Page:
Pumping profits: Shell saves $1M with IoT
Low oil prices mean petroleum producers need to spend and invest more carefully than ever, and the “Internet of Things” is helping. Last year, Royal Dutch Shell realized a $1 million return on an $87,000 investment in digital technology to monitor oilfields in some of Nigeria’s toughest terrain. After evaluating both cellular and satellite, Shell instead chose random phase multiple access technology.
RPMA, which was developed by a group of former Qualcomm engineers, can transmit for up to 450 square miles in the 2.4 GHz band. Ingenu Networks, which licenses the RPMA chipsets, has developed access points that are a bit larger than a shoebox and can attach to cell towers, broadcast towers or utility poles.
Choosing a solution
Shell’s boots on the ground in Nigeria are the engineers of Upland Consulting, which helped the oil giant evaluate network technologies. Shell hired Upland to find a technology that could replace manual oilfield data collection in the Niger Delta.
“The key criteria for selecting a solution were the technology’s ability to cover difficult terrain, power performance, and long-range transmission as well as network scalability, two-way communications and secure data transmission,” said Upland CEO Bola Awobamise. “Ingenu’s RPMA offered all of these attributes.”
Ingenu CEO John Horn said Shell needed just eight access points to cover its oil field footprint in Nigeria. The $87,000 investment covered the cost of the equipment and its installation. A year after the equipment was deployed, Shell had saved $1 million by reducing site visits and expediting data collection.
Croatia’s Koncar Inem was the manufacturer of the digital oil field modules that use Ingenu’s RPMA solution in Nigeria. Koncar end point devices with built-in RPMA modules are installed in the flow stations and manifolds, and at wellheads. The end points communicate with the access points, which then transmit data to Shell’s offices. Backhaul can be satellite, cellular, copper, fiber or a daisy chain from one access point to the next.
Koncar’s three wireless oil field end points are a pressure transmitter, a temperature transmitter and a remote terminal input-output unit. The company’s data export software sits on top of the RPMA system in the end points. The end points can control power consumption, schedule alarms and reporting, and encrypt transmitted data.
For seven-year-old Ingenu Networks, licensing RPMA technology to hardware manufacturers like Koncar is a growing opportunity. In the past, Ingenu developed a number of IoT end points on its own, and Horn said over the years the company has developed 73 products for utilities, oil and gas companies, and municipalities.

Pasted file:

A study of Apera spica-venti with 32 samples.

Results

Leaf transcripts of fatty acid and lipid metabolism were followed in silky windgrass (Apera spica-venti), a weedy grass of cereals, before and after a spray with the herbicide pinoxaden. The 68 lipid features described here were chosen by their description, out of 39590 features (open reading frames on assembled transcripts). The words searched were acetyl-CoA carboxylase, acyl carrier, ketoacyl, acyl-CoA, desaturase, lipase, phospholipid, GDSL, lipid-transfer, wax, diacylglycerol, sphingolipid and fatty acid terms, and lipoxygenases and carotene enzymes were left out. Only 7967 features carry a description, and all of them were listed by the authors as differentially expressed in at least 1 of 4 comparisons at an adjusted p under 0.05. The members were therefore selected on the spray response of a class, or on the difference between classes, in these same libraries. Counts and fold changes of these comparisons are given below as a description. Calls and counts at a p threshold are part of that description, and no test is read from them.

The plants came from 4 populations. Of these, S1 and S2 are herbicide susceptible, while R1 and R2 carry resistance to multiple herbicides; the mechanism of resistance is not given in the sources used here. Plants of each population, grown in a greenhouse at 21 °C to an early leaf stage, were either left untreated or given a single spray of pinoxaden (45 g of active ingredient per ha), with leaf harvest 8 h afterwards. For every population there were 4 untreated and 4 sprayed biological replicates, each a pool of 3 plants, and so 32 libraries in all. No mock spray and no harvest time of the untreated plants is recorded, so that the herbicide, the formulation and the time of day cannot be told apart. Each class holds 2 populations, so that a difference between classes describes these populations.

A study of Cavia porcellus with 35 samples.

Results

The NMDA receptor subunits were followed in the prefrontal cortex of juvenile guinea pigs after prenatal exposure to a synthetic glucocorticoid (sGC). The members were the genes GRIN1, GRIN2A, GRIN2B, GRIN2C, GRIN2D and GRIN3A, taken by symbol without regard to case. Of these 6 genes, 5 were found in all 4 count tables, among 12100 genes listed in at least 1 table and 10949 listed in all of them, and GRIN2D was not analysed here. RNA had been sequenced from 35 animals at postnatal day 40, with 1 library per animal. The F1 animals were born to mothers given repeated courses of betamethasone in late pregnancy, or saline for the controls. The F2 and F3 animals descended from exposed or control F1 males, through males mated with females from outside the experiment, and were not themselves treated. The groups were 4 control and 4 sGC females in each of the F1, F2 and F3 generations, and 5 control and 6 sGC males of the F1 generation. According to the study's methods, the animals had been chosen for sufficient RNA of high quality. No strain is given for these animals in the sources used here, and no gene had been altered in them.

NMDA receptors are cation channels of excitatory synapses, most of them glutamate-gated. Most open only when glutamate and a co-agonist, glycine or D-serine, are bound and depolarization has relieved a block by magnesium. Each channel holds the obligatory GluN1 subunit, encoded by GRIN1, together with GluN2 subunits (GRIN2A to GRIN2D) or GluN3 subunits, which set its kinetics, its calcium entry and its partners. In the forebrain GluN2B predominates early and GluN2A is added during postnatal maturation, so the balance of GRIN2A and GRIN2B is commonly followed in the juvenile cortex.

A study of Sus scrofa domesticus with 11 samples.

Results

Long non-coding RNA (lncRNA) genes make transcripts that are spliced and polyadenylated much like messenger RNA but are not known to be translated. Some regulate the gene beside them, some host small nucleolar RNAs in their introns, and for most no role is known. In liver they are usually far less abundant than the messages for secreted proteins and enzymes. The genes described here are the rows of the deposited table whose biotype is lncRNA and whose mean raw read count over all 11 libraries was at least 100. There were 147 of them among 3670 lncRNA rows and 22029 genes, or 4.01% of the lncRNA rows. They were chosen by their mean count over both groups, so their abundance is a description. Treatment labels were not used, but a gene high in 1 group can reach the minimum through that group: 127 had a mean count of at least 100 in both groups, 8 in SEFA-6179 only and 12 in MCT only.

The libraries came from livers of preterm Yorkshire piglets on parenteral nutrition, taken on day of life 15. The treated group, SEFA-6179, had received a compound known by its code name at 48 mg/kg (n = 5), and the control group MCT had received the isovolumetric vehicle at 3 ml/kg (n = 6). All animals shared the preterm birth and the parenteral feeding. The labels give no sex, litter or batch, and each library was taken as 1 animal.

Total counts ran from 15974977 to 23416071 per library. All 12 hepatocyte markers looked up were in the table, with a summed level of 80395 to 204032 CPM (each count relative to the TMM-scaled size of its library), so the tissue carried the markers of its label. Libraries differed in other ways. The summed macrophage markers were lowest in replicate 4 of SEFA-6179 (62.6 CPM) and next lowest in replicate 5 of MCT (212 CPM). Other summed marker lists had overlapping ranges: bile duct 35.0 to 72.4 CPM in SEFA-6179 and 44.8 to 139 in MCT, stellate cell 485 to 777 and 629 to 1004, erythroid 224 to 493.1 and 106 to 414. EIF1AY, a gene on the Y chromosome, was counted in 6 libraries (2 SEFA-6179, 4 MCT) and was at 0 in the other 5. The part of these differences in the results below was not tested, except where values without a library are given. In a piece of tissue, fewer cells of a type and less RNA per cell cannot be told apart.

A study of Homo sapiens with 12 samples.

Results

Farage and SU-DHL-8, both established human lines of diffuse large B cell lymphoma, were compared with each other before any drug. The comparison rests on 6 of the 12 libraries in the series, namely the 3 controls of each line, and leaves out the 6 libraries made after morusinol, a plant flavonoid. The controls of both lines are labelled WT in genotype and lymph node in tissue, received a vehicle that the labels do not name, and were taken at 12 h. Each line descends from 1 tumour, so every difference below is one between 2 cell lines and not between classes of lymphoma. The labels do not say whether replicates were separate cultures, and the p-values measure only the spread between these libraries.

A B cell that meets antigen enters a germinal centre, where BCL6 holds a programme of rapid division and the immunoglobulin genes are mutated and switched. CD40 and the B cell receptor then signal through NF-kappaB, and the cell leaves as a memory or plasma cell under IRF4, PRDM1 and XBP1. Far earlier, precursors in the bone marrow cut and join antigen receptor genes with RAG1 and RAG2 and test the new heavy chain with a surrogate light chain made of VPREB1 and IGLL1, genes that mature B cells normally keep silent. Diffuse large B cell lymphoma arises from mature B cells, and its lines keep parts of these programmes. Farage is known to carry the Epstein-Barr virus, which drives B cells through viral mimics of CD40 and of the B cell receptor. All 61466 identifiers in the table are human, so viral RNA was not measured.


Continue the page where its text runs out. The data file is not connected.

“We have a lot of hardware that’s available in that space, but going forward that will all be licensed out to other companies to build,” Horn said, adding Ingenu now averages 1,000 inquiries per month from companies interested in potentially licensing its RPMA chipset. Horn credits rivals Sigfox and LoRa with generating worldwide interest in low-power wide area IoT connections.
“Sigfox and LoRa are running around the world getting everybody excited about alternative technology,” said Horn. “They are our best sales force.”
Horn said that often when interested companies do the “deep dive,” Sigfox and LoRa come up short, and this creates an opportunity for Ingenu. “Koncar and Shell and other companies that we worked with around the world have tested and tried a lot of these other technologies and they come back inferior,” said Horn.
So far, Ingenu has deployed 38 private networks, and Horn said the company now has construction projects or commitments in 50 countries around the world.
The cellular challenge
Traditional wireless carriers are well aware of the IoT opportunity and are actively promoting the development of low-power LTE chipsets for industrial use cases. Category 1 LTE solutions from chipmakers Sequans and Altair are already making their way into commercial deployments, and the next generation of IoT chips are expected to use even less power and enable IoT modules to be priced as low as $8 per unit.
Horn said while many solution providers are working hard to adapt other technologies to the “Internet of Things,” RPMA is unique in that it was developed exclusively to connect machines.
“It’s the only technology that has been built from the ground up specifically for the purpose of a wide area machine network,” said Horn, noting while cellular technology has done a great job serving human communication needs, machine communication has not necessarily benefitted from recent advances in smartphone technology.
“Every time we get another generation or something happens to make it better for humans it makes it worse for machines,” Horn said. “Machines want stability, they want vast amounts of coverage for less money and for the network to be there for a long time and for batteries to work for a long time, and that’s what RPMA was designed for. … Everything that cellular does to make it great for people, we turn the physics 180 degrees in the other direction. Cellular’s about pounding in an enormous amount of data with small cells and getting as much data through as absolutely possible.” RPMA, on the other hand, is all about coverage.
“Where we would put one tower, cellular companies would put about 30 towers,” Horn said. “It took three months to build this network in the Nigerian Delta … [for] cellular companies it would have taken them a couple years to try to figure it out and develop it and they still wouldn’t have built it because it costs so much money and there are not people there to support it.”